Federal policymakers are looking to fund research into the effects cannabis can have on cancer.

Earlier this month the National Institute of Health published a Notice of Special Interest. “This Notice invites research applications that examine the mechanistic actions of cannabis and cannabinoids in cancer biology, cancer interception, cancer treatment and resistance, and management of cancer symptoms,” wrote the institute.

According to the notice, around 25 percent of cancer patients have used cannabis to treat symptoms associated with cancer including anorexia, nausea and pain.

Cannabis advocates have long claimed that cannabis can delay cancer cell development or even shrink cancer cells. While there has been some evidence for this, the research pool on the topic is too small to determine anything conclusively. “Epidemiological studies of cannabis use and cancer risk have yielded limited and inconsistent results,” wrote the agency.

Producer to Donate to Fire Evacuees

A New Mexico cannabis company has announced that it will be donating some of its revenue to residents who were forced to flee their homes due to the devastating fires in northern New Mexico.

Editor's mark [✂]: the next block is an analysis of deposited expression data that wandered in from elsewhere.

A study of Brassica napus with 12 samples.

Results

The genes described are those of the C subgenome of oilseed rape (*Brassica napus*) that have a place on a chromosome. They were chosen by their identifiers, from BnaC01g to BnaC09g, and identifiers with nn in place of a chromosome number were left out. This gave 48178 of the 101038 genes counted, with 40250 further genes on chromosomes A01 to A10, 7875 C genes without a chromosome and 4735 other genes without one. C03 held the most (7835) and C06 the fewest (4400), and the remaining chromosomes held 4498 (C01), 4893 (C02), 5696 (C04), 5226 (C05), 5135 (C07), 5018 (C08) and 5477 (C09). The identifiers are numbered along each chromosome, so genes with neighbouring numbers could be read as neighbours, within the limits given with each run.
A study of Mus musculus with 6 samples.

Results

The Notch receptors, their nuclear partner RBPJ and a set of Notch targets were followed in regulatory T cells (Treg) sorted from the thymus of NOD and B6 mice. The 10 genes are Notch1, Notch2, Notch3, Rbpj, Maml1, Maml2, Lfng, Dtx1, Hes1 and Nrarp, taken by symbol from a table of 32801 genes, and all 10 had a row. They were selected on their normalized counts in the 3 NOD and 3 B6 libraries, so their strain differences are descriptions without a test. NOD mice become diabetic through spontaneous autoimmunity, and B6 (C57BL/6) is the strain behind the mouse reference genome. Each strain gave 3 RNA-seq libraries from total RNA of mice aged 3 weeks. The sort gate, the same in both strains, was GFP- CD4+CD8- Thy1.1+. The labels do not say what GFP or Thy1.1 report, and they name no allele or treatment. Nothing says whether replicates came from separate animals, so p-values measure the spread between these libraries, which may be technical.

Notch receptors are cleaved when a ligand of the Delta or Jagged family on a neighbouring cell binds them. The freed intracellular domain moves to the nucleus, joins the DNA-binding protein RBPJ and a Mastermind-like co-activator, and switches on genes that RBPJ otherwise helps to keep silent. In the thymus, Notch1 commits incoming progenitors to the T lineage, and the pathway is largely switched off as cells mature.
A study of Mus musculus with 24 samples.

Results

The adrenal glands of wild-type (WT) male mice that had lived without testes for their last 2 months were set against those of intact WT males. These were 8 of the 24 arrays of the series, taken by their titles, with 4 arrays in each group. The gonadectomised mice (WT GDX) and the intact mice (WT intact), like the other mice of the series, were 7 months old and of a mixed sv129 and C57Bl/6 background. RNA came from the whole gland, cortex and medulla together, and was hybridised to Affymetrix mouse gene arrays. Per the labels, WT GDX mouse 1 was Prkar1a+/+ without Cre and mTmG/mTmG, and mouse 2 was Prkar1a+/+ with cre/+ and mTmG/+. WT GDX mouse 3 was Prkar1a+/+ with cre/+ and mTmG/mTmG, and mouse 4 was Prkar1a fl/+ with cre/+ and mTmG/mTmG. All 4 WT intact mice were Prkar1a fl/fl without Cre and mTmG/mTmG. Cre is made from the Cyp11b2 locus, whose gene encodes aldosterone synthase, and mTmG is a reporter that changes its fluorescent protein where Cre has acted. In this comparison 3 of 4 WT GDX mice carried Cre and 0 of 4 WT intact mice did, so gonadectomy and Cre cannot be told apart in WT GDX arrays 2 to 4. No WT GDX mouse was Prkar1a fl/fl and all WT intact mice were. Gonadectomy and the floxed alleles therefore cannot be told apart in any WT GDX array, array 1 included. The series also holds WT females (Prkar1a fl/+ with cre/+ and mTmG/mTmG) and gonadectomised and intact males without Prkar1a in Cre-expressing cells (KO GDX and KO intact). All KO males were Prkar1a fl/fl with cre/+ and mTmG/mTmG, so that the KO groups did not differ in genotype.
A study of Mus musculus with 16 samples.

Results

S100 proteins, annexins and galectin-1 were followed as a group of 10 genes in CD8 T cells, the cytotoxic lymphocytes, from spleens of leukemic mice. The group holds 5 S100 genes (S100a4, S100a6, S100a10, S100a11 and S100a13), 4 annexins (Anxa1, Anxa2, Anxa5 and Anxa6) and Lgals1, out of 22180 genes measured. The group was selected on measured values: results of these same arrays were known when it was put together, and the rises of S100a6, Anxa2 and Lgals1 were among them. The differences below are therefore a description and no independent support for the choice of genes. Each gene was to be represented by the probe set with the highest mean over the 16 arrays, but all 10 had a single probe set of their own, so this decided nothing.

According to the Albuquerque Journal New Mexico cannabis producer Seven Point Farms says it will donate 50 percent of its Albuquerque dispensary’s May revenue to the Las Vegas Community Foundation to help those affected by the Hermits Peak/Calf Canyon Fire. The company will also donate 10 percent of its Socorro and Cedar Crest dispensaries’ revenues to evacuees.

“It was kind of a no-brainer,” Seven Point Farms executive director Robert Jackson told reporters. “We’re in a really good place and Seven Point Farms is really passionate about being part of the community.”

Lawmakers Press for Psychedelics Research Review

Two senators are asking federal officials to release an update on research into psychedelic drugs for therapeutic purposes.

Sen. Brian Schatz (D-HI) and Sen. Cory Booker (D-NJ) recently sent a letter to the NIH and Food and Drug Administration (FDA) requesting updates in a number of areas related to the study of psychedelic drugs.

The senators asked for updates on current NIH funding of research, confirmation on whether NIH is reviewing psychedelic studies conducted by the National Institute of Mental Health (NIMH) between 1959 and 1965, identification of the current gaps in psychedelic research, the current status of collaboration between FDA, NIH, NIH-funded researchers and the private sector on research into psychedelics and identification of the current barriers to psychedelic research.

“NIH and FDA are critical to ensuring a comprehensive, rigorous, and deliberative science-based approach to the study of psychedelics, including the potential development of medication and therapeutics derived from these substances,” wrote the senators.